Lebanon’s Civil War and Its Aftermath

From Beirut 2020: Diary of the Collapse, by Charif Majdalani (Other Press, 2021), Kindle pp. x-xii (preface to the English-language edition, which provides very helpful context for the diary entries, which I will refrain from excerpting):

All this explains why the tensions between the large religious groups remained very strong, in particular because the constitution created in 1945 implicitly gave more power to the roles reserved for Christians than to those accorded to Muslims. The Muslims demanded reforms, but the Christians, fearing for their status and survival and continuing to believe that Lebanon was created for them, refused. Moreover, the Christians held great fears at the prospect of the rise in power and militarization of the Palestinian organizations that had sprung from the refugee communities in Lebanon in 1948, and that started demanding to play a role in internal Lebanese politics in 1969 and 1970. The strategy of these organizations consisted in giving their support to Lebanese Muslims. Faced with this coalition of Islamic-Palestinian interests, the Lebanese Christians took fright and armed themselves in turn, leading inevitably to the Lebanese civil war, which lasted from 1975 to 1990.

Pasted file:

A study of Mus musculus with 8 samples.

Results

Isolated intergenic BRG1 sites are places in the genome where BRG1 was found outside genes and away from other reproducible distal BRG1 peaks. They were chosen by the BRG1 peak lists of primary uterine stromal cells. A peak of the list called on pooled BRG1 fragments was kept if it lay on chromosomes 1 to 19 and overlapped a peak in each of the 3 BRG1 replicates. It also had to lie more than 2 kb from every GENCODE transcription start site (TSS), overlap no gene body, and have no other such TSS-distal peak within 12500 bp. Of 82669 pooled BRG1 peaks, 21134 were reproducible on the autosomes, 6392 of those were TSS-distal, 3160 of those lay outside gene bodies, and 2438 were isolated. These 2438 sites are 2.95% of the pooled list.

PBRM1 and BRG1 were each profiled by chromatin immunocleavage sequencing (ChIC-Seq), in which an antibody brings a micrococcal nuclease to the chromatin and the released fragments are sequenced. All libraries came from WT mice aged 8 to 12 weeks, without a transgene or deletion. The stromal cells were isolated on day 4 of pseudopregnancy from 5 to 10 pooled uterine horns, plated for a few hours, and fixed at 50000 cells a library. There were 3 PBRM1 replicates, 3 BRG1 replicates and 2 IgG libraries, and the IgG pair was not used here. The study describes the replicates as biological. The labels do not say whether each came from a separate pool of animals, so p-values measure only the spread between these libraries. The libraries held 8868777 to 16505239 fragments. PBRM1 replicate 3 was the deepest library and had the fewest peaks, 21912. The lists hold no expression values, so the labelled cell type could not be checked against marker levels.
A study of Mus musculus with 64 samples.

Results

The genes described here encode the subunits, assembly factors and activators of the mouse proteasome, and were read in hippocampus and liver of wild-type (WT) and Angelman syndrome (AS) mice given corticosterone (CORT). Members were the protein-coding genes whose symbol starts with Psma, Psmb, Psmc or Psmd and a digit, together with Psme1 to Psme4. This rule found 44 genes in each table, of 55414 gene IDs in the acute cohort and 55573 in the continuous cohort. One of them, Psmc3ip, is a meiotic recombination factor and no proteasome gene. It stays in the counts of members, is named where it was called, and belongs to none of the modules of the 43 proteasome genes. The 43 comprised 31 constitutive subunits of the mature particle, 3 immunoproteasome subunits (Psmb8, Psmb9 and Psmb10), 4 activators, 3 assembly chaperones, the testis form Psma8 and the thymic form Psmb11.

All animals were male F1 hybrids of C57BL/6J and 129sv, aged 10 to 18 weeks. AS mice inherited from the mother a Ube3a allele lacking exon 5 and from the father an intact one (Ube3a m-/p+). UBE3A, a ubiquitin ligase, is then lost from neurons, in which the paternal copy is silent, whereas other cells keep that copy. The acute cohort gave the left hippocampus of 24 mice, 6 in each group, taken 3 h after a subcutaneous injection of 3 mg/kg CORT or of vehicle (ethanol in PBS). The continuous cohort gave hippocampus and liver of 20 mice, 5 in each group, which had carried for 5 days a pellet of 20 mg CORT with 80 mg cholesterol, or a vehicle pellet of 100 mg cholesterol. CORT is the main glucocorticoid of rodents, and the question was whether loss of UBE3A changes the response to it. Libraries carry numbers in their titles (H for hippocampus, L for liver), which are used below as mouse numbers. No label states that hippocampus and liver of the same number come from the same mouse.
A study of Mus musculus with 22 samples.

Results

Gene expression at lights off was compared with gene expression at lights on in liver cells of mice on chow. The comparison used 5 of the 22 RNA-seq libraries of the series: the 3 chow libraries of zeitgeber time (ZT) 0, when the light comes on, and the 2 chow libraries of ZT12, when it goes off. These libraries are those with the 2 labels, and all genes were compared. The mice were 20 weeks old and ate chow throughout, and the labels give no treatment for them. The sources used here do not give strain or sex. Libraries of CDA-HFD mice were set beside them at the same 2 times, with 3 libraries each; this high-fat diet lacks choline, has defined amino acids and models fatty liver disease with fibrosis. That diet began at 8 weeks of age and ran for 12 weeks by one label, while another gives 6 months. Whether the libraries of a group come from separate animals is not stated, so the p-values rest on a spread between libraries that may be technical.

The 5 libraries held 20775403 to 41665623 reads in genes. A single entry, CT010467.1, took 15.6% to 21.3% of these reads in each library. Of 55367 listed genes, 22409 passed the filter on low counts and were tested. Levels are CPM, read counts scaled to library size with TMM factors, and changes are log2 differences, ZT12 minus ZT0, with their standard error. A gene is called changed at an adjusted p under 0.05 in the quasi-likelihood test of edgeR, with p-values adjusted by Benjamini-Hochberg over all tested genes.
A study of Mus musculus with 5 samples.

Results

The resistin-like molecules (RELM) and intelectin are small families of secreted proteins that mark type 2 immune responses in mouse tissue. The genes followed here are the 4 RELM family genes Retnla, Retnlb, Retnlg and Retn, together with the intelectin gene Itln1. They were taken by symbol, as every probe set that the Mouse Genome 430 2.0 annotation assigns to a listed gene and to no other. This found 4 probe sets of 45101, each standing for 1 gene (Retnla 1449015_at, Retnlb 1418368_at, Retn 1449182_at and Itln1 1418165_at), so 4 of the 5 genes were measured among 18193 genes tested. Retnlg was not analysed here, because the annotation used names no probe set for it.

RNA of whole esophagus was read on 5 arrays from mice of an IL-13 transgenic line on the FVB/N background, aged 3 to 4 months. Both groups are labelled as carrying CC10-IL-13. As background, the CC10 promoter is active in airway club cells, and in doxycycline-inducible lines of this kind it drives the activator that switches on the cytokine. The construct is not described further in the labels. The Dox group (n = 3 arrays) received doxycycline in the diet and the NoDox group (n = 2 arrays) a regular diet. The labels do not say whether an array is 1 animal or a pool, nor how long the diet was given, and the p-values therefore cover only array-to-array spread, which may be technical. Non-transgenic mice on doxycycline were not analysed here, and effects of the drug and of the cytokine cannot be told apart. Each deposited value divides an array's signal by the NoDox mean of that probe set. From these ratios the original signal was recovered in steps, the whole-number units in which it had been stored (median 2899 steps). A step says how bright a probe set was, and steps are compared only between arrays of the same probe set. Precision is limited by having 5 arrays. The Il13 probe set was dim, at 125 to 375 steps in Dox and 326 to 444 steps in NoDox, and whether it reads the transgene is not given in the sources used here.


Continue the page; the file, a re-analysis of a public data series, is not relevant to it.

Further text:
This was indeed a civil war, in that most of the fighting was between the Lebanese people themselves, but it was also very much a foreign war, because the Palestinians, Syrians, and Israelis were also involved. In 1982 the Palestinian militias were forced out of Lebanon by the Israeli invasion. But the Israelis had to evacuate the invaded Lebanese territories and confine themselves to the southern border regions adjacent to Israel. This opened Lebanon’s doors to the Syrians, who allied themselves with the Lebanese Muslims and Druzes, and with war chiefs such as the Druze Walid Jumblatt or the Shiite Nabih Berri, as well as with the Shiite Hezbollah organization, which was engaged in a war with Israel in the regions it still occupied. For their part, the Christians resisted the Syrians for years, under the command of men such as Bashir Gemayel and Samir Geagea. In 1989, the reckless and unruly Christian general Michel Aoun took it into his head to unite the Christian ranks, and threw himself into devastating wars against his rivals on the same side, notably Samir Geagea, which led to the collapse of the Christian camp in 1990 and to the entire country falling to Syrian control.

This marked the end of the civil war and the start of what is called the second Lebanese republic, which is divided into two eras. In the first, from 1990 to 2005, Syria dominated the country and its ruling class. The Muslim or Druze war chiefs, Jumblatt, Berri, along with the Hezbollah leaders, but also the less powerful Christian leaders who had pledged allegiance to the Syrians, all took over the controls. The other Christian leaders, such as Geagea and Aoun, found themselves respectively either in prison or in exile. The allocation of posts along religious lines was reinstated during this period, but with a notable difference: the dominant positions were given to Muslims and no longer to Christians.